Encouraging Positive Behavior: A Guide for Parents Dealing with Attention-Seeking Behaviors
Written by Julie Tripp, Reviewed by Ali Kresch Levine, PsyD
Responding with Empathy to Attention-Seeking Behaviors
Every kid loves to have their parent’s attention. Because of this, kids will sometimes go out of their way to attain the center of their parent's attention by exhibiting attention-seeking behaviors (ASBs). ASBs are thought to be problematic because they often imply that the child is relying on the parent's attention to regulate their emotions instead of utilizing or garnering their own skills. Below are some examples of behavior that could be attention-seeking. Spoiler alert: they are all annoying...but your kid is not! They are likely bored, hungry, lonely, or emotionally dysregulated. Read on to learn more about ASBs and how empathizing with your child can help minimize them.
Examples of Attention-Seeking Behaviors (these are not absolute! - in other words, do note that kids can exhibit these behaviors outside of an attention-seeking context/motivation):
- Lying, especially for the sake of an emotional reaction
- Requesting help for a task they can do independently
- Clowning around at objectively inappropriate moments
- Recklessly damaging items
- Acting dangerously
- Pining for recognition
- Throwing tantrums
Seven Intervention Suggestions for Attention-Seeking Behavior:
If your child is exhibiting any of the above traits, don’t feel overly concerned—they’re all developmentally appropriate within certain contexts. As off-putting as these behaviors may be, our Goodtimer team encourages you (as always) to try to find empathy for their still-developing brains and bodies. That said, empathy does not mean you will tolerate their ASBs...you can hold empathy for them while also trying out one or more of these tips:
- Ignore. If your child is whining or screaming for your attention, let them know calmly that their current behavior will not help them get what they want, and that you’ll respond when they can "say it in a different, calmer way." You may offer to help them calm down by doing a deep breathing exercise together, however it is important not to respond to whatever the subject of the whining/screaming is until they've communicated more calmly.
- Urgent or not? Has your kid ever said "I need you! It's an emergency!" causing you to run into whatever room they are in only to find that their purple marker cap rolled under the couch? Depending on your child’s developmental level, they likely have a different idea of what classifies an "emergency" that requires help from an adult. Go over examples of emergencies with your child to help them understand when it is appropriate for them to demand your immediate attention vs. when they can ask for help calmly and/or try to figure something out on their own. Be sure to positively reinforce any changes you notice on this front!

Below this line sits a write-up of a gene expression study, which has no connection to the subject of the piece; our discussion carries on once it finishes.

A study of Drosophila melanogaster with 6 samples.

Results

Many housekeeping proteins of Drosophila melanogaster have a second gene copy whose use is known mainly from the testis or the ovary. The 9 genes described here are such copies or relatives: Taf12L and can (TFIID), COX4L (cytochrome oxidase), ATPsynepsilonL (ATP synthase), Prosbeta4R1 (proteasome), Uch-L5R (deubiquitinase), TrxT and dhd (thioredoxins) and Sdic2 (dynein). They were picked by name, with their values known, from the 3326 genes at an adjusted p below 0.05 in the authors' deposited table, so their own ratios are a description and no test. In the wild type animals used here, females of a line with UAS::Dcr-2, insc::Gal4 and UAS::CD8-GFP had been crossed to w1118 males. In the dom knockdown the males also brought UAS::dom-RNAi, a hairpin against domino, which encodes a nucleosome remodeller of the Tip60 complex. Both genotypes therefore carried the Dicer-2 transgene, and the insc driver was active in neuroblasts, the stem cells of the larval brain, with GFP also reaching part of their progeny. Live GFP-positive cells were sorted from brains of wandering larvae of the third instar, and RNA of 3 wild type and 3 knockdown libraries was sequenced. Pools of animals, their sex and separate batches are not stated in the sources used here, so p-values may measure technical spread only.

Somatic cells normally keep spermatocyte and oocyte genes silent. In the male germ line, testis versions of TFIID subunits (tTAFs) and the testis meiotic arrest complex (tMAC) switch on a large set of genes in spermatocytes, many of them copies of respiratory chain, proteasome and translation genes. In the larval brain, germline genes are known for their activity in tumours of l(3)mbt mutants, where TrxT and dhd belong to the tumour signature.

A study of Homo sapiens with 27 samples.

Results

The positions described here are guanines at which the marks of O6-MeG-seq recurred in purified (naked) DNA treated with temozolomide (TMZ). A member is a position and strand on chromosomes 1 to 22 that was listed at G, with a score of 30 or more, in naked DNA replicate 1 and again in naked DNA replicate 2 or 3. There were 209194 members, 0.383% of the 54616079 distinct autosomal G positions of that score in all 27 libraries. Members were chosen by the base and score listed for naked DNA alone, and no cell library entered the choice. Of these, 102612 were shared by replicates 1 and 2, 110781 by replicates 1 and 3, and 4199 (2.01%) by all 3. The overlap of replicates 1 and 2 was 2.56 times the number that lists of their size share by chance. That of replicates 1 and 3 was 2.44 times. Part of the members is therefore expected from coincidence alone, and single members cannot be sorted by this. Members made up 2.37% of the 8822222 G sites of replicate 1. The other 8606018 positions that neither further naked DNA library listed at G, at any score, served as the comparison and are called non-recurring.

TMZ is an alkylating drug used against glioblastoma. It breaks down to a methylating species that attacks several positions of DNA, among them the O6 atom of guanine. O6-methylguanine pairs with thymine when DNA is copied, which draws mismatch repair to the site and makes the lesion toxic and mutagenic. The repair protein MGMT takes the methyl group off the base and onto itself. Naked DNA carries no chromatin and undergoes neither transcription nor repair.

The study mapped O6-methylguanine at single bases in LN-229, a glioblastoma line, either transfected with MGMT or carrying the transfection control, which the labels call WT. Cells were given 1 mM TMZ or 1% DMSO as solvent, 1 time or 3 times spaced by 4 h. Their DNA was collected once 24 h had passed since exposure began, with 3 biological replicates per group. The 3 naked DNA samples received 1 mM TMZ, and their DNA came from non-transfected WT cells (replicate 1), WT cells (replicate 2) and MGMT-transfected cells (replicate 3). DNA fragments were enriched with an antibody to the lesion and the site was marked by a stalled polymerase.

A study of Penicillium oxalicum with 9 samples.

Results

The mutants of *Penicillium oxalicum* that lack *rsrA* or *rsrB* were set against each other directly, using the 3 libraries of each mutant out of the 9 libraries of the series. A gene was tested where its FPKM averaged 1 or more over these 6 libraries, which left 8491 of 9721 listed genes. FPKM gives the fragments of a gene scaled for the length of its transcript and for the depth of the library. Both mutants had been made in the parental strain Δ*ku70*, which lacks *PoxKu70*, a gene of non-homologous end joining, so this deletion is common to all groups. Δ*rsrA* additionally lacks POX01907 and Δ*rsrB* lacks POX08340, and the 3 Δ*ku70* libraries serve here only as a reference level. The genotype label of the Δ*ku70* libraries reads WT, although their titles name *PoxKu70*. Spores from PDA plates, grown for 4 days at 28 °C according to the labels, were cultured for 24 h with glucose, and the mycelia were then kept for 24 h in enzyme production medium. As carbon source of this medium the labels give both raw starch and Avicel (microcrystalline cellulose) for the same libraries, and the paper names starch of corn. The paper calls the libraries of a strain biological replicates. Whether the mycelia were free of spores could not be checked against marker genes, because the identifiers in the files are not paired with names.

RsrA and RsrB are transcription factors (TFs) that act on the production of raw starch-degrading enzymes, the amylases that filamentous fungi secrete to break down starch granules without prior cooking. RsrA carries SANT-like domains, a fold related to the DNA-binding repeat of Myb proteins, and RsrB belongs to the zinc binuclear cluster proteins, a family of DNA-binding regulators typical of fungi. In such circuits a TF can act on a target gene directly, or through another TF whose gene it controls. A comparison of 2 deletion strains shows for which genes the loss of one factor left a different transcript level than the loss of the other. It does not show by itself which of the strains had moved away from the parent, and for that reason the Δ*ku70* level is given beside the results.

- Engage if it's been awhile since you're connected. When your child calls for your attention, ask yourself whether you’ve given them a healthy dose of your time and attention lately? Zero judgment, by the way - life is hard, and there are many ways to love our kids that do not involve building a lego tower with them (e.g., making their doctors appointments, working to provide for them, etc.). That said, even just ten minutes of devoted play on an activity they choose (without checking your phone!) can go a very long way in reducing ASBs.
- Create house rules. Let your child know what your expectations are and what behaviors will cause you to request that they flip their Goodtimers.
- Be consistent. It might be hard to not give in to their ASB demands at times—especially when you're feeling tired and it would just be easier to, say, fold the clothes they just threw from their drawer and quietly put them back where they came from. We are all only human, and, as much as your are able, try to remain steadfast in the boundaries you’ve set. Your child notices when you yield, and they’ll be more likely to use that to their advantage in the future. (Also - the secret is out: kids love boundaries no matter how much they say they don't!!)
- Coach them to their goals. Firstly, be sure to co-set clear and exciting goals and incentives for your children using your Goodtimer! This then becomes a powerful and tangible tool in moments when you notice ASBs; because you do not want to encourage an ASB by giving it too much attention, consider using a code word to remind them of their incentive whenever you detect an ASB. This way, instead of responding by yelling or providing negative attention (which kids also seek - they'll take what they can get), you can simply say "roller coaster" to remind them of the "amusement park" behavioral incentive they are working toward, ideally motivating them to get their behavior in check.
- ASBs happen - stay calm. Whenever your child exhibits an ASB, do your best to stay calm. You might even have an exit plan in place to allow yourself to calm down before addressing their tantrum. Take some deep breaths, remind yourself you are doing your best, and then return to the scene to apply an effective strategy. You've got this!